That’s the state of my rubix 4-cube, which I recently re-noticed, hiding behind a vase. The core was not too bad, but the edges were a pain; I never really figured out the rules. I just kept trying different things and hoping my pattern recognition circuits were being subliminally helpful. In the end, it’s been reduced to a 3-cube, which is all that really matters: the rest is (in theory) a bunch of vertex swaps, vertex shuffles and edge swap/shuffles. (Oh and don’t get too comfy with the edges lined up… they’re gonna be re-positioned… though hopefully* not scrambled, during the final steps).

But it’s not the edge shuffles I’m not worried about… basic twists’ll do, and occasionally the Deanster, my pet eponym for the algorithm a friend taught me a long time ago for edge shuffles. It’s beautifully poetic… almost sing-song… have a listen:

“up, around, up, around, up around – around,
down, around, down, around, down around – around”.

You can’t forget an algorithm like that. It’s… what is it – iambic heptameter?! No matter: I internalised it’s poetic nature long before I could feebly grasp, 3-dimensionally, what the hell it was even doing (and what it is doing is pretty effin’ elegant). So why can’t the vertex swap/shuffles be this memorable? Without a ditty of some sort as a mental crutch I am doomed to have to look up the algorithms each time I get to this stage. And that sucks! It means I can no longer say I have solved the whole thing by myself from beginning to end!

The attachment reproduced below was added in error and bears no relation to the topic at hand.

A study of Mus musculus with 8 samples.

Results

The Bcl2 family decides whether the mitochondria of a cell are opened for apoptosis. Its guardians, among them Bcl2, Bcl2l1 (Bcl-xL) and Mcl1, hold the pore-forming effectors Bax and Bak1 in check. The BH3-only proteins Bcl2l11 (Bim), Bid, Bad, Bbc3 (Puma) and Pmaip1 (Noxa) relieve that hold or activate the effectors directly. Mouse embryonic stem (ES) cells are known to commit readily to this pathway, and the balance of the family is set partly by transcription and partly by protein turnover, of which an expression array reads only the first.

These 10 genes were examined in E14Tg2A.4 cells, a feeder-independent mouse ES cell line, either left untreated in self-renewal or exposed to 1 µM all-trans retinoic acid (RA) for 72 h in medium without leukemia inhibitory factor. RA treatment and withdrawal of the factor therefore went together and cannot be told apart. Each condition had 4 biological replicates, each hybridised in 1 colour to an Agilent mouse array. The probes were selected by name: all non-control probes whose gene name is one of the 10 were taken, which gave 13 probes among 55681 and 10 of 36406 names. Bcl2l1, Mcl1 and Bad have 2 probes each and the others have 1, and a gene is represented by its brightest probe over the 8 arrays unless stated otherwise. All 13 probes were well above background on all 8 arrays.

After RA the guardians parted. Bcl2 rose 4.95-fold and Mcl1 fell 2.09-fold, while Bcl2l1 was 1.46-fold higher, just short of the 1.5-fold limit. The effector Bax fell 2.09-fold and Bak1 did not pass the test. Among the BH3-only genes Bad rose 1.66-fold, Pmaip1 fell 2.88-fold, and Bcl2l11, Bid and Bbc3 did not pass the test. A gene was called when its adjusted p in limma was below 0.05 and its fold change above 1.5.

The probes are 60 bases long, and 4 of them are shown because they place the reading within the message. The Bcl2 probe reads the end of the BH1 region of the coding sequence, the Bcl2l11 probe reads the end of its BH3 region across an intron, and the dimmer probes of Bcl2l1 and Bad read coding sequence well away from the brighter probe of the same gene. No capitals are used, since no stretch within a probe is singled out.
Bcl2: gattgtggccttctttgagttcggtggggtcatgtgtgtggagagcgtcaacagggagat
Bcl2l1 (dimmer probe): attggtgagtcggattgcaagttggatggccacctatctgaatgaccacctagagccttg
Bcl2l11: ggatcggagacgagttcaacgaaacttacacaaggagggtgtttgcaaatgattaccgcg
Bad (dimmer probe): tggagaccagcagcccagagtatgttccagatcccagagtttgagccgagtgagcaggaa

I mean look at the vertex swap, for example. The algorithm is
y, -x, -y, z, x, -z, y, x, -y, x, x.

The best I can do with that is

down, in (and) lift (to) wind,
out, rewind (you’re) down (and) out:
lift, out (and) out!


The vertex shuffle isn’t much better… but interestingly, it starts and ends with the same meter / cadence as the swap algorithm, when also converted into iffy poetry:

down, in (and) lift (back) in,
down, out (and) out,
lift, out (and) out!

Whilst the Deanster reflected a certain symmetry and simplicity of motion, the vertex moves are far from elegant: they have a certain horrid, irreducible complexity that even poetry cannot hide. Hmm… poetic analysis of algorithms could be an interesting research/exercise. Why has no-one jumped on this perfectly zany idea?

Oh well. I still love the cube. And it still kicks my ass. All is as it should be, I guess.

*just read about the possibility of gnarly “parity errors” on the 4-cube :o(
Hell I don’t even understand what one *is*. I’ma roll with the whole ‘ignorance is bliss’ thing and hope I deek murphy’s law.